Paul Beck, Oklahoma State University Extension Beef Nutrition Specialist
Many of the calves grazing wheat this winter were pulled off earlier in March so that a wheat crop could be harvested. However, some of the calves are just now coming off grazeout wheat and other cool-season cover or forage crops in preparation for planting cotton or summer grain crops like milo or soybeans. Price adjustments to compensate for different shrink conditions are common in the cattle industry. Stocker operators, cattle feeders, and livestock marketers are constantly searching for more information on shrinkage of cattle through the marketing channels.
Generally, the amount of shrink varies with the type of feed cattle are on before penning and transport.
Cattle consuming high moisture diets, such as wheat pasture, tend to shrink more when removed from feed than cattle fed drier diets. Wheat pasture is often 25% or less in dry matter, or over 75% water, one of the highest moisture diets, making it notorious for a high rate of shrink when cattle are removed from pasture and transported to markets or feedlots. Along with diet there are many other management factors that influence loss of bodyweight and the rate of shrinkage, these include length of time off feed and water, weather conditions, and weigh up conditions (such as handling, how far it is from the pasture to the pens and cattle disposition).
Calves on wheat at Oklahoma State University were removed from pasture and weighed, then either penned in facilities next to the pasture or were drove by foot up and down an adjacent dirt road for a total of 1.6 miles. Calves were then comingled and held in the drylot pens for 24-hours. Following the 24-hour shrink, cattle were reweighed and returned to pasture for 25 hours to determine the extent of weight recovery. When cattle were reweighed following 24-hours they shrunk over 8%. Driving cattle on foot for 1.6 miles did not increase the amount of shrink compared with simply removing them from pasture and holding them for 24-hours without feed or water. The rate of shrink is quite high, related to the very high moisture content of the wheat forage, but cattle had regained all the lost weight by 6 hours after being placed back on pasture.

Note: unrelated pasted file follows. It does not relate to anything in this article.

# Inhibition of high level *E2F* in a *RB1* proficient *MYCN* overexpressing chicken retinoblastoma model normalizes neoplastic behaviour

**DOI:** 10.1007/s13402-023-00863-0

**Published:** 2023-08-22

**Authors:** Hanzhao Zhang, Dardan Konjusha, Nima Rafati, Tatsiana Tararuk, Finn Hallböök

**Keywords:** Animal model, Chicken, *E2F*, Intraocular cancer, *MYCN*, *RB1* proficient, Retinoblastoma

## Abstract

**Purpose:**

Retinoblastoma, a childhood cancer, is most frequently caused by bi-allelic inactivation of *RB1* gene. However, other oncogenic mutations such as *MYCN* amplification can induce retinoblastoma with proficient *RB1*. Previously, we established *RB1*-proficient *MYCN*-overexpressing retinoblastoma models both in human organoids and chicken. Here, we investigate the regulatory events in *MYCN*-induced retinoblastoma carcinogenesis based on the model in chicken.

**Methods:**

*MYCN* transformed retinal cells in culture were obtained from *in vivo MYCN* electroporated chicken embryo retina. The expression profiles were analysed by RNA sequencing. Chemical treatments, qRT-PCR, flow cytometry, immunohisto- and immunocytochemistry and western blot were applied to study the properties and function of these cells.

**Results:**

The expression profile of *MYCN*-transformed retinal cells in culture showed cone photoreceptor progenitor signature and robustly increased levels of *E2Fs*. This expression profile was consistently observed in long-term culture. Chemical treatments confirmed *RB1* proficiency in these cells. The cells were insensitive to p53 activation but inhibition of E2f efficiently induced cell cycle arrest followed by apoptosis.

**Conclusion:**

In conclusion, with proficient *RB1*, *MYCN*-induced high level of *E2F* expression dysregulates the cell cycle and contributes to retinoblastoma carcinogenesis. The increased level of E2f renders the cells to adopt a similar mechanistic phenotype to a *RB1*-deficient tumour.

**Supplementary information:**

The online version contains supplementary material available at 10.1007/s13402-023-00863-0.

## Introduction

Two weeks later, this same group of steers were transported on trailers for 4-hours either directly off wheat pasture or after they were given access to hay and water for 24-hours. After 4-hours of transit steers directly off wheat lost 37 pounds (5.1% shrink). Steers given access to hay before transport lost 28 pounds (3.85% shrink) over the same haul. This shows that shrink losses were about 1.18% per hour of transport, but providing access to a dry hay before transport decreases shrink, which is possibly due to slower passage rate of feed through the digestive tract and less water loss.
This research was conducted by Matt Cravey, Gerald Horn, Ken Poling, and Bobby McDaniel and is available here.